A manager can boost his chances of getting the ideal candidates if he first makes sure what he wants from them. This necessitates a properly drawn-out job description. Asking himself these following questions will help the manager decide the job description.
● What are the formal skills, knowledge and attributes needed for the job?
● What is the relevance of these skills and attributes?
● Can a person who does not possess these skills still do the job?
● Are there skills which can compensate or substitute for these skills?
● Does the recruitment go hand in hand with the description?
● Will the candidates feel the recruitment to be fair and justified?
● Where is the position on the Organizational Chart?
● To whom will the candidate report?
● Does the candidate need to supervise anybody?
● To what extent the compatibility of the candidate matters?
● Do informal or dotted lines also report relationships?
● What will the working environment be?
● Is the nature of the job permanent?
● Will there soon be any change in the description?
● Is travelling involved in the job?
● What is the duration and frequency of these travels?
● Are there specific working hours?
● Are the working hours flexible?
● Is regular overtime very common?
● What is going to be the initial salary?
● Is there any ﬂexibility or room for negotiation in the salary structure?
● What is the structure of the commission?
● Do the company incorporate any rewards or bonuses?
● When is the review period of the salary?
● Are there opportunities for salary hikes before the standard review period?
● Does the company provide facilities like health insurance, life insurance, etc.?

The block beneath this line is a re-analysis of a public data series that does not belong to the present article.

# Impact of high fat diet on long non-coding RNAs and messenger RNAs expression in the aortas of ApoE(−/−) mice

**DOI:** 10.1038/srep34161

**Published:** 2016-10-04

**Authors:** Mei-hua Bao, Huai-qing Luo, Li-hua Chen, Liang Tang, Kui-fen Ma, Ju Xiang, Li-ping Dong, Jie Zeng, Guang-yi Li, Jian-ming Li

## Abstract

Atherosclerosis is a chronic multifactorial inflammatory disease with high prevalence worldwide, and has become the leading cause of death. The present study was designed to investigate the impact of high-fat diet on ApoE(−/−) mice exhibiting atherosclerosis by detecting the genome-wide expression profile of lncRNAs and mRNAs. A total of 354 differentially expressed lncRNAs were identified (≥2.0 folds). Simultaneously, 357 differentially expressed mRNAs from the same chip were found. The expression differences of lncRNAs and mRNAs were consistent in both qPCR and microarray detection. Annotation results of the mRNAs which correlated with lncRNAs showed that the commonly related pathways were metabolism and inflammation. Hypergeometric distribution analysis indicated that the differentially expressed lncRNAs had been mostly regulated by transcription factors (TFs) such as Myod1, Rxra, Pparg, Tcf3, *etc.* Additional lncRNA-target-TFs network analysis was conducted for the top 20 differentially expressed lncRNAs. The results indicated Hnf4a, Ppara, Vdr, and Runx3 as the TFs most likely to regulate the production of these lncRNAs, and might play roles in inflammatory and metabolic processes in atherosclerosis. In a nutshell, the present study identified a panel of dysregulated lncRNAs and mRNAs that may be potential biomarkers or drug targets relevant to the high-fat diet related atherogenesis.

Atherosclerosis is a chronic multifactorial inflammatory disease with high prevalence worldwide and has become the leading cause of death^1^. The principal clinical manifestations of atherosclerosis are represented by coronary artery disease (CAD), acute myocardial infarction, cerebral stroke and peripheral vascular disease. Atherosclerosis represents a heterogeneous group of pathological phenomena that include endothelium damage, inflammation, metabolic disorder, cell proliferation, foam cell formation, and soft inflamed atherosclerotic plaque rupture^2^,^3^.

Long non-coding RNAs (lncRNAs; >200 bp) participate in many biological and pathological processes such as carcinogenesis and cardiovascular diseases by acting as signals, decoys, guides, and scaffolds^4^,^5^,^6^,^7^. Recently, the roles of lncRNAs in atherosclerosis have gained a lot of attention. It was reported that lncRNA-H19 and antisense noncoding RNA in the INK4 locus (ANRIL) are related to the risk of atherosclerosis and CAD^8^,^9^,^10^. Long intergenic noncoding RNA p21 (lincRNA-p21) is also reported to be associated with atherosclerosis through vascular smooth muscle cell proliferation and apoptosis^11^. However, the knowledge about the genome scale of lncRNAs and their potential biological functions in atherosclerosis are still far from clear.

● Is there a profit sharing, gratuity, retirement, or pension plan?
● What are the vacation, holiday, sick day, and disability policies?
● Does the company offer training, education programs or tuition reimbursements?
● What is the policy of the company with respect to promotions?
● Are there inter-departmental promotions and/or lateral transfers?
● Can an employee opt to turn down promotion?
● What will be the impact on future offers?
● What was the style of communication used by the previous position-holder?
● What were the advantages and disadvantages of the previous job-holder?
● What kind of communication style will best suit the needs of the opening?
● What kind of strengths and weaknesses are associated with this pattern?
● Will this pattern help diminish any weaknesses of the team?
● What will ideally motivate a person in this job?
● What can possibly be a secondary motivator?
● What motivates others in the team internally?
● Will they be compatible with and complementing to each other?
● What more is expected and/or provided—for example, company car, tools, uniforms, dress code?
To conclude, the job posting will not get all these questions answered. Only those most relevant to the job are needed to be answered. Think of them as the answers needed versus the answers that sound nice.
For example, if travel is the larger percentage of the time and requires a car (that the company is not liable to provide), then this should be specified in order to focus on the appropriate candidates. After all, not mentioning crucial facts or responsibilities on the job description is always considered to be misleading, and eventually result in a wastage of the candidates’ time as well as the manager’s.